NYSCADV MEMORANDUM OF SUPPORT
Access to stable housing is often essential for survivors to maintain safety and independence from their abusers. NYSCADV urges the New York State Legislature to protect victims of domestic violence against housing discrimination by adding them as a protected class in Human Rights Law.
The New York State Legislature has passed many laws over the last 30 years to create mechanisms to enhance safety for victims of domestic violence, including emergency shelter and other services supportive of relocation. But these services cannot work to their fullest extent as long as there are barriers preventing victims from moving forward. One of these barriers is the discrimination that victims of domestic violence face in trying to rent, lease or buy housing. Landlords and sellers of property should not be permitted to discriminate against victims of domestic violence based on assumptions about the effect that their tenancy or home ownership may have on property or persons. However, studies show that when potential landlords identify that the perspective tenant is a victim of domestic violence, they frequently refuse to rent what is available or express that there is no availability.
This discrimination also translates into victims of domestic violence being evicted because of the behavior that their abuser chooses to use. For example, victims who call the police to enforce orders of protection are identified as a nuisance by their landlord and evicted, yet the victim is doing what the court, and society, instructs them to do. Allowing victims of domestic violence to lose their housing through discrimination puts families at risk and increases costs to communities who must consequently provide additional services to survivors and their children.
THIS MEASURE WILL HELP SURVIVORS OF DOMESTIC VIOLENCE FIND AND KEEPING PERMANENT HOUSING
- Landlords and sellers of property should not be permitted to discriminate against domestic violence survivors based upon assumptions about the effect that their tenancy or home ownership may have on property or other persons.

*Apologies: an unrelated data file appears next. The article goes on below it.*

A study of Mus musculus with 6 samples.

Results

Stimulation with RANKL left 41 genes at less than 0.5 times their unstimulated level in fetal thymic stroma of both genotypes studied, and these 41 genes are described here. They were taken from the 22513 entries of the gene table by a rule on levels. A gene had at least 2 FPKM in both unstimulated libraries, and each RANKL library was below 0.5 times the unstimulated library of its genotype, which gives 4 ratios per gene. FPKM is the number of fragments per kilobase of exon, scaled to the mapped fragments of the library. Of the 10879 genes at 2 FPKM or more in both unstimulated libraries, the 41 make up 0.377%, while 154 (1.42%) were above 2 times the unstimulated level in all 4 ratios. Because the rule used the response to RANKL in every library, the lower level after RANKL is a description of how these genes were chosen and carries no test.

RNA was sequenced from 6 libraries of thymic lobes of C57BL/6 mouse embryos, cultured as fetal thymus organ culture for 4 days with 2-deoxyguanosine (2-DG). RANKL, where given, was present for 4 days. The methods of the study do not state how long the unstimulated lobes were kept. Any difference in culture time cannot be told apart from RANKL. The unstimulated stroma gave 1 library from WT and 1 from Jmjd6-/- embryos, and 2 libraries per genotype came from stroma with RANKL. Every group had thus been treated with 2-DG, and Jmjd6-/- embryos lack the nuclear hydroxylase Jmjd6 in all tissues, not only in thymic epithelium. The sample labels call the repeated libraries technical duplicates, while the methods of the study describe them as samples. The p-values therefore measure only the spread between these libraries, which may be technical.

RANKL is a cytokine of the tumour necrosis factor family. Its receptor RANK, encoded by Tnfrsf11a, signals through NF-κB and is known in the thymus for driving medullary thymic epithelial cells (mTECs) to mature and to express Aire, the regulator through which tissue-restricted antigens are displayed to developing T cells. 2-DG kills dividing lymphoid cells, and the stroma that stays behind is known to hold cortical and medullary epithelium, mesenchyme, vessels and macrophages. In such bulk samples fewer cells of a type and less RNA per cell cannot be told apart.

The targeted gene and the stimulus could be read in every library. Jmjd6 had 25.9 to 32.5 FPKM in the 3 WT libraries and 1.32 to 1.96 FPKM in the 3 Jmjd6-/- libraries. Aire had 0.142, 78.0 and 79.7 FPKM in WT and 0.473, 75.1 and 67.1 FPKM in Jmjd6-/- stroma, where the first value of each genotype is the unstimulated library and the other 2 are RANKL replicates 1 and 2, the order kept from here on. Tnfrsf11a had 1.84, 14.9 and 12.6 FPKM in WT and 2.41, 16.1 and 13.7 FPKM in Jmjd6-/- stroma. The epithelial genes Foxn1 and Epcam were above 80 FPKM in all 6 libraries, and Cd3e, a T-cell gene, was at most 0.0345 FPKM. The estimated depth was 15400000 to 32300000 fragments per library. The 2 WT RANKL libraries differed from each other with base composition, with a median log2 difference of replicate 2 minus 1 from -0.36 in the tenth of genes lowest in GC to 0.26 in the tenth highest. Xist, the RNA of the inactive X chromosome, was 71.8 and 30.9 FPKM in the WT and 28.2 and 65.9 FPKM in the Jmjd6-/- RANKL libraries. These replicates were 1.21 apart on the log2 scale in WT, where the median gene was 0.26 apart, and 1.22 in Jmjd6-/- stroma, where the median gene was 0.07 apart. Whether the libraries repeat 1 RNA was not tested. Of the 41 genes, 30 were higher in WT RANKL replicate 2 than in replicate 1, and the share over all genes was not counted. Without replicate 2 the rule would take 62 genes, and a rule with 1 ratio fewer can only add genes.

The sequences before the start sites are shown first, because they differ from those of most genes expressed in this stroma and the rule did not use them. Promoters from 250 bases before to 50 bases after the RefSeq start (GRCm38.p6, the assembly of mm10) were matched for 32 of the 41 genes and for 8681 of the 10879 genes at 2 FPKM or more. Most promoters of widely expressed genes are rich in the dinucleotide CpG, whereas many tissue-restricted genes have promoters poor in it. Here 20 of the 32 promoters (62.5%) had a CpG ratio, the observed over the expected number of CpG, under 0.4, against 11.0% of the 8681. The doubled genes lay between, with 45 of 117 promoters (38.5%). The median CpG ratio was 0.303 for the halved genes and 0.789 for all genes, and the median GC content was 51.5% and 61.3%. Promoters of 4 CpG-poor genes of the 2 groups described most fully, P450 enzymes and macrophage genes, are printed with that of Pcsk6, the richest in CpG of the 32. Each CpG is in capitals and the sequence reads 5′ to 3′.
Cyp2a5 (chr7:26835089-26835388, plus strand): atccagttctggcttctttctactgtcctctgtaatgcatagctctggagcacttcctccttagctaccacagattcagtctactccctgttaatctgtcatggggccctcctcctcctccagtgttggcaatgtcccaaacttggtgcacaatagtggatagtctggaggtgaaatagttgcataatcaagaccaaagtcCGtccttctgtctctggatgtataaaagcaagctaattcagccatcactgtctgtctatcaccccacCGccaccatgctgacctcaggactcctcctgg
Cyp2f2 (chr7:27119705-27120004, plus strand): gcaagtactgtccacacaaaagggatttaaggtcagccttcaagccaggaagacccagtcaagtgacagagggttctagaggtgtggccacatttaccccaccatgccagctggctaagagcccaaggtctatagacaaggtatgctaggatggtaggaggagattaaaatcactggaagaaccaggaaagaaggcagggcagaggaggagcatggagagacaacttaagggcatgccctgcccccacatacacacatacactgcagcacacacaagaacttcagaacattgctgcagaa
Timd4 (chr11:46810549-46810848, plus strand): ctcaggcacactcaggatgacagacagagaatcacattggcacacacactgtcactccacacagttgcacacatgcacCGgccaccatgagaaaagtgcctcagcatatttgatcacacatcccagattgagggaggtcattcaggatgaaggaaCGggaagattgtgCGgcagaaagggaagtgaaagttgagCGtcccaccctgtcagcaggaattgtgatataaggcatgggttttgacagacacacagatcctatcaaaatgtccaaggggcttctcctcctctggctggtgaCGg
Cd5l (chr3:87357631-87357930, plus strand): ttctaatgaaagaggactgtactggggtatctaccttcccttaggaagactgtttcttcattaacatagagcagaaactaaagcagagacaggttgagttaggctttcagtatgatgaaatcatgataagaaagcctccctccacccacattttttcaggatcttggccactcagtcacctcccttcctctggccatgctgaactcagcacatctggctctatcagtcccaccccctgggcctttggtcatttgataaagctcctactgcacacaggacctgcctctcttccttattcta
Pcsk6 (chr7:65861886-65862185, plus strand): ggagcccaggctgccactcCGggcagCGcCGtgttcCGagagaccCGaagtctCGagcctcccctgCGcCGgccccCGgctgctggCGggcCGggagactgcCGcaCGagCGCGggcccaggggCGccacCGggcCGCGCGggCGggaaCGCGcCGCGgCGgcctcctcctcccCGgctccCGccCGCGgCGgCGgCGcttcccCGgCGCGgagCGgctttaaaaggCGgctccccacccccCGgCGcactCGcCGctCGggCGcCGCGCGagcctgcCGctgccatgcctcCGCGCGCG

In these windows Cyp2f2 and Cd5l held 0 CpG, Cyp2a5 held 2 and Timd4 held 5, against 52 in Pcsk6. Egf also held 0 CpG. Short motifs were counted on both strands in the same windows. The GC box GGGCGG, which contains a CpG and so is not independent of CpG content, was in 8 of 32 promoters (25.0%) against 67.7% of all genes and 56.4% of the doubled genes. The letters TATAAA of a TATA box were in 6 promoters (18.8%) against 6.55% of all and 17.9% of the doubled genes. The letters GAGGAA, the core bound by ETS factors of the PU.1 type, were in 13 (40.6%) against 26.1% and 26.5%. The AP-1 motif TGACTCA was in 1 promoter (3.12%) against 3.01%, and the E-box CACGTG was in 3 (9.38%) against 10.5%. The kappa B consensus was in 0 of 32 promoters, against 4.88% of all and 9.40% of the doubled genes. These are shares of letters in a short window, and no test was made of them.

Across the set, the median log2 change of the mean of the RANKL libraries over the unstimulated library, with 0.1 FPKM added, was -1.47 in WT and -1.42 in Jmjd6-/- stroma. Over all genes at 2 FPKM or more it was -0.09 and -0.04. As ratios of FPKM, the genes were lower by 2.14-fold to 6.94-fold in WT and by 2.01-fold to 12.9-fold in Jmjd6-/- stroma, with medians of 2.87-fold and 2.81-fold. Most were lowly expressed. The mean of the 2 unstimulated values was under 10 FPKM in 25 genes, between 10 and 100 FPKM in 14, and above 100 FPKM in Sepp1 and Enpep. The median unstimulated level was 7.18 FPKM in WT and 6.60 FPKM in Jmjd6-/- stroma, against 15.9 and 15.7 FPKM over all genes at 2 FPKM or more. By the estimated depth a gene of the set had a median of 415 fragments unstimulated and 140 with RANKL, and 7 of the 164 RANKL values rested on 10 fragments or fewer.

- For survivors and their children, accessing permanent housing is fundamental to finding safety.
- Many survivors are unable to find a place to live and are forced to return to their abusers, sleep in their cars, or end up homeless.
PROTECTING VICTIMS OF DOMESTIC VIOLENCE AGAINST DISCRIMINATION
The federal government has laws that prevent federally subsidized housing authorities from discriminating against victims of domestic violence, but it is up to the state to protect victims from private landlords. This bill would:
- Add victims of domestic violence as a protected class under the section of New York Human Rights Law governing housing discrimination.
- Amend the Real Property Law by adding a section that protects victims of domestic violence from being evicted based on their status as a victim of domestic violence.
By amending the Human Rights Law, victims of domestic violence would be protected from:
- discrimination in places of public accommodation, resort or amusement
- being refused the right to buy, rent or lease housing accommodations
- being discriminated against in the terms, conditions or privileges of public housing accommodations
- parties inquiring about or recording their status as a victim of domestic violence for the purpose of renting public housing accommodations
- having real estate agents and other similar parties disclose a victim of domestic violence’s status to the neighborhood or area to which they move
This bill does not prohibit inquiries about or retention of information about an individual's domestic violence victim status solely for the purpose of:
- providing or preserving residency in any public or private housing for that victim of domestic violence;
- providing any other assistance to a victim of domestic violence, the purpose of which is to assist rather than to hinder obtaining or retaining any public or private housing; or
- responding to an inquiry or request by an applicant, tenant, or leaseholder that is a victim of domestic violence.
By amending the Real Property Law, this bill would make it illegal for a landlord to evict, or attempt to evict a tenant because of their status as a victim of domestic violence. It would give victims of domestic violence being evicted because of their victim status the ability to defend themselves in housing court and potentially save their housing.
Passing this legislation takes a meaningful step toward eliminating one of the primary reasons survivors lose their housing.